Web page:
Earlier this year, Georgia passed SB 202, also known as the “Election Integrity Act of 2021.” The law changed voting in small but potentially crucial ways. Those changes are outlined below, along with suggestions about how to best adapt to the changes.
The length of time for requesting an absentee mail-in ballot has been shortened.
The New Way: You now must request your absentee ballot between 78 and 11 days before the election. For the November 8, 2022 election this means between Monday, August 22, 2022, and Friday, October 28, 2022.
The Old Way: You could request your absentee ballot up to 180 days until the Friday before the election.
SB 202 imposes new requirements for Georgia voters applying for an absentee ballot.
The New Way: You must provide your:
The Old Way: You had to provide a signature.
You can obtain an absentee ballot application online or request one from the local elections office. There are limitations on mass mailing of absentee ballot applications.
In addition to new requirements for requesting an absentee ballot, there are now additional requirements for completing the ballot itself.
The New Way:
The Old Way: Signature.
Drop boxes are now permitted by law, not just by State Election Board Emergency Rule. HOWEVER, there will now be some changes.
The New Way:
The Old Way: SEB rule only required video surveillance; drop boxes were open 24 hours until election day.
SB 202 makes absentee voting a bit more challenging. In order to ensure that you will be able to vote, and that your vote will count, I suggest the following:.
Many people feel more comfortable voting in person, and prefer the convenience of early in-person voting. If you plan to vote early and in person, here’s what you need to know.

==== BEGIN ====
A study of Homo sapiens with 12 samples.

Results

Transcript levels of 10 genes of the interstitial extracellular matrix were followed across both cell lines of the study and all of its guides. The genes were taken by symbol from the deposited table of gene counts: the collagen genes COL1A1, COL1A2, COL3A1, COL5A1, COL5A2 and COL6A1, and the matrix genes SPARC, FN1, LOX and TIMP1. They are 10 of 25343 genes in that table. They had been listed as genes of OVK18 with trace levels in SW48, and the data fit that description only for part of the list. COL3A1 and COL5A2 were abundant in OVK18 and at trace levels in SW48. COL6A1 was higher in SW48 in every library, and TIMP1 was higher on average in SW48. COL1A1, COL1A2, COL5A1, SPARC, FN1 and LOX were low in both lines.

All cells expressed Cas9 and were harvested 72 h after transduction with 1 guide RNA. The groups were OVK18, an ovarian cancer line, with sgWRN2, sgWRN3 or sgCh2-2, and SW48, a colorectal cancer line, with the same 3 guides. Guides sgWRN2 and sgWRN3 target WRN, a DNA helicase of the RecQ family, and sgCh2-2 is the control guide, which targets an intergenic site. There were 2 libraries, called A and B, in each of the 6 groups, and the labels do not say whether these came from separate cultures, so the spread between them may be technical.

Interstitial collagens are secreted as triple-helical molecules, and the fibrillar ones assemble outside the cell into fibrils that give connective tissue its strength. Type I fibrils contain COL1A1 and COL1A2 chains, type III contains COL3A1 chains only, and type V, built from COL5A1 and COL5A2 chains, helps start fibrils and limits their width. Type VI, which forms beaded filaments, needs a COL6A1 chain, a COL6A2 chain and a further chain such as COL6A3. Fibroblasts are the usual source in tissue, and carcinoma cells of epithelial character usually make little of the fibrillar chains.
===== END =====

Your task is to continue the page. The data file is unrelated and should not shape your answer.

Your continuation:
The New Way:
The Old Way: Early in-person voting occurred during “normal business hours.”
The New Way:
The Old Way: Only one Saturday mandated.
The national media has paid a lot of attention to SB 202’s restrictions on providing people in line to vote with food and drink. Bring your own water and snacks! County elections offices are permitted, but not required, to provide self-service water.
Do not wait until the third week of early in-person voting or election day to vote. Vote in person during the first two weeks of absentee voting or request an absentee ballot. You do not want to assume that you will vote in-person the third week or on election day, and then miss your chance to request an absentee ballot if your plans suddenly change.
Bring water and snacks! If you have made the effort to get to your polling place, you don’t want hunger or thirst to force you to leave before you cast your vote.
The New Way: You cannot cast a provisional ballot in the wrong precinct before 5 pm and have it count.
The Old Way: This restriction did not exist. You could cast a provisional ballot at the wrong precinct at any time on election day and votes for valid races would count.
Remember that redistricting is occurring this year, meaning that the districts for all non-state/county/city-wide races (United States House of Representatives, Georgia House and Senate, School Board, County or City Commissioner, etc.) may change. You may find yourself voting for or against different incumbents than you did in 2020. As a result, your precinct may also change. So if you do wait until election day, make sure you check your precinct location, and then try to vote early. You want to leave yourself plenty of time lest you show up at the wrong precinct.
The New Way: The length of time between the regular election and runoff is 28 days from the date of the election
The Old Way: The length of time between the regular election and runoff was nine weeks from the date of the election.
The New Way: Early in-person voting begins “as soon as possible” but no later than the full week before the runoff.
The Old Way: There were three full weeks of early in-person voting.
Vote in person. Requesting, receiving, and returning an absentee ballot in this compressed time frame will be much more difficult. Therefore, make a plan to vote in person. Check your county election website for dates, times, and locations of in-person voting.